PHNOM PENH, Cambodia – Chen Him, 40, twists coils of steel as she crouches on a small mound of dirt on a construction site in Cambodia’s capital, Phnom Penh. Her husband, a wiry man in his mid-40s, moves around her, picking up the steel coils and carrying them to another part of the site. Nearby, their 6-year-old daughter sits playing on slabs of concrete, occasionally looking up to watch her parents work.
“We used to be rice farmers in Prey Vang province,” Him explains, referring to a region east of Phnom Penh. “But fertilizer was very expensive and it was hard to make a profit, so we moved to the capital two years ago to work in construction.”
Today, Him makes around $6 a day twisting steel and carrying buckets of cement for a Chinese firm. Her husband makes $10 a day.
In Cambodia, where the proliferation of luxury condos and high-rise commercial buildings contributed almost 20 percent of gross domestic product growth in 2015, women are increasingly turning to the construction industry for employment. An estimated 20 to 40 percent of Cambodia’s 200,000 construction workers are women, according to a recent report by CARE Cambodia.
Often these women join their husbands on the job, transforming life on the construction site into a family affair. But research shows that most women are paid an average of $2.50 less than the men and are given fewer opportunities to learn new skills or advance in the workplace.
The gender pay gap is a problem all over Cambodia, as it is around the world. According to a 2016 International Labour Organization Report, there is a 35 percent wage gap between young men and women workers in sectors across Cambodia. But this is due to the fact that women are usually given roles with less responsibility than men. The pay difference is more striking in construction because, in that industry, women often do the same jobs as men, such as bricklaying, but still make less money.
“Over half the women CARE surveyed said they didn’t receive any training or didn’t have the same opportunity as men to be promoted on the job,” Adriana Siddle, an adviser with CARE Cambodia, says.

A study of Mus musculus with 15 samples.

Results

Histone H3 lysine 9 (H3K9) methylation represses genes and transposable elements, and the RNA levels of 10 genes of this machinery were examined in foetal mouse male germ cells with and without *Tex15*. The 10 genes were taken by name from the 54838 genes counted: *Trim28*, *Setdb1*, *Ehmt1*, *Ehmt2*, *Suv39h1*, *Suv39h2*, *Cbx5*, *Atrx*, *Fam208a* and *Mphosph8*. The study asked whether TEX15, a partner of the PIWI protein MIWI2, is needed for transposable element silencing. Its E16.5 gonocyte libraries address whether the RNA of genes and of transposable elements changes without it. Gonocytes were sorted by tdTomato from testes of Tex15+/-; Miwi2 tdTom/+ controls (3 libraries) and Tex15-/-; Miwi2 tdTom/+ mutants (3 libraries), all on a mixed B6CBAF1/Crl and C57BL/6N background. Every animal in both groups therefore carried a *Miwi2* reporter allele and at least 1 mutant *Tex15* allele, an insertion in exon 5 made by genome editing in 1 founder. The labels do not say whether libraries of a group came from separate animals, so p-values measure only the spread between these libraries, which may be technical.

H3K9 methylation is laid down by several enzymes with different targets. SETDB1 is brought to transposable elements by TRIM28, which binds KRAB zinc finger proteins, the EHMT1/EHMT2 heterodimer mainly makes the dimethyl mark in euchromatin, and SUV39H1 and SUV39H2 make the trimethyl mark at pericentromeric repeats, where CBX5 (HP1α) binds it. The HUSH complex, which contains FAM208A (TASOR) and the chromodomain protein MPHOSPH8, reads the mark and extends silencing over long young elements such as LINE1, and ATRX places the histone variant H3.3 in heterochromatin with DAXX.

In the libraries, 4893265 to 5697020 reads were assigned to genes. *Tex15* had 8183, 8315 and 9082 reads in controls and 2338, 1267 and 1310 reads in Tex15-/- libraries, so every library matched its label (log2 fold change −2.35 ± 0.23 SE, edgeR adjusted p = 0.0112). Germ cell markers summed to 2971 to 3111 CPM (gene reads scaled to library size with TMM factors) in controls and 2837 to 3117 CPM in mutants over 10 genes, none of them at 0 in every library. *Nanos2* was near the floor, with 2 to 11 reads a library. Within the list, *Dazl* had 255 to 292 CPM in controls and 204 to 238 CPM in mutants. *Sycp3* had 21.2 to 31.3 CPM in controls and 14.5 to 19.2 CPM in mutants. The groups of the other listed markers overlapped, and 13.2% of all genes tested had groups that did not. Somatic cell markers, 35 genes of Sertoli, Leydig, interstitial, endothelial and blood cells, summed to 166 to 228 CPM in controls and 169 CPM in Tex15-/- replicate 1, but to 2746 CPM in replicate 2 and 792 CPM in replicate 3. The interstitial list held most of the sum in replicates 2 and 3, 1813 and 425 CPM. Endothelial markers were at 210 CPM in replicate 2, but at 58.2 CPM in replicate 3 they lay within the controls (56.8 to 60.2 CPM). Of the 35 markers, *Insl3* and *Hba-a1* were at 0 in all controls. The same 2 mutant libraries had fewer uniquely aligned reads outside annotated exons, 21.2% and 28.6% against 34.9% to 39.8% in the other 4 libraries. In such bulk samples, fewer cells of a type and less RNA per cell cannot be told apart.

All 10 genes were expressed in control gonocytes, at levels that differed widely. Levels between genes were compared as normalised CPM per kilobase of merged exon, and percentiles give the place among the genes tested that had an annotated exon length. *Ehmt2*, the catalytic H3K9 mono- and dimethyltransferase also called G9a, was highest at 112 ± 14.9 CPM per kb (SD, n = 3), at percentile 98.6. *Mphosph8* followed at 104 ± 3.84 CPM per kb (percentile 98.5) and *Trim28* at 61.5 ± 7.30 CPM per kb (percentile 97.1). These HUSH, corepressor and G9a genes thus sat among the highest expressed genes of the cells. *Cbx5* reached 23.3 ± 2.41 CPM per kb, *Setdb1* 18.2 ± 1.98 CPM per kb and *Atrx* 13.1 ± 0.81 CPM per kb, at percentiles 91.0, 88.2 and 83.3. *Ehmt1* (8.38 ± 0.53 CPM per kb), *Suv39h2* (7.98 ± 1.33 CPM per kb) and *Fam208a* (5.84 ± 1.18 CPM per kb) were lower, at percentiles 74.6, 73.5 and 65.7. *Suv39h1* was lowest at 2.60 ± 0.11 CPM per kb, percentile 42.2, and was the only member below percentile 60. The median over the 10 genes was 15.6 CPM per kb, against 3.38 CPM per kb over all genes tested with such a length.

Siddle says many women are drawn to the industry because it offers more freedom and flexibility than work in a garment factory, where many Cambodian women are employed. But that flexibility means the women are offered fewer protections.
Last year, CARE launched a project to encourage female construction workers to stand up for their rights, including by demanding equal pay for equal work and lobbying for the more lucrative jobs usually reserved for men. But discrimination in the construction industry is rooted in deep-seated gender biases and a belief that women cannot perform the same tasks as men, experts say.
Pinan Him, who joined her husband and her cousin Chen on the construction site in Phnom Penh seven months ago, says she could make more money if she were allowed to carry heavier equipment, but her bosses won’t let her.
“They say that physiologically women aren’t able to carry heavy things,” she says.
Fighting to Do Men’s Work
On a Mekong River islet known as Diamond Island, where luxury condos lay empty and dozens of construction cranes dot the skyline, 33-year-old Chanda Oum stands watching her colleagues amid the dust and sound of heavy machinery. The majority of workers on duty today are women, from the bricklayers to the security guard.
Oum’s husband is the supervisor. She began working in construction nine years ago so she could be close to him and contribute to the family income. Since then, she and her husband have had three children who live with them in whatever makeshift housing the company offers.
Oum says she earns $5 a day tying metal rods, but the men can earn between $7 and $10 working high atop the buildings. She would like to make more money, but she doesn’t think the option is open to her.
“It’s impossible to do the men’s work because the boss won’t allow us,” she says.
Of the women surveyed by CARE, around 53 percent said they could perform the same tasks as men if given the opportunity, but 73 percent said certain tasks and equipment are reserved for the men.
Cambodia’s labor law says employers cannot make decisions about work assignments based on gender. But Siddle says many employers are unaware of how these laws apply to the construction industry. (The Ministry of Labor did not respond to requests for comment.)
Meanwhile, less than half of the industry’s employers cover the cost of treatment if a worker is injured on the job, according to the CARE report. And female construction workers and their families are often crammed into squalid barracks where they share a bathroom with dozens of others. Health problems and minor injuries are common.
Ith Sreyneag, 40, says her skin broke out in rashes when she began working in construction 13 years ago.
“It’s very hard work and very tiring,” she says. “Now my hands hurt a lot, but my skin has adapted.”
Sreyneang and her husband both mix cement and lay bricks, but while he makes $10 a day, she only makes $7. Their 18-year-old daughter also mixes cement at the site.
“I’m happy my family works together,” Sreyneang says. “But I hope my daughter won’t do this forever.”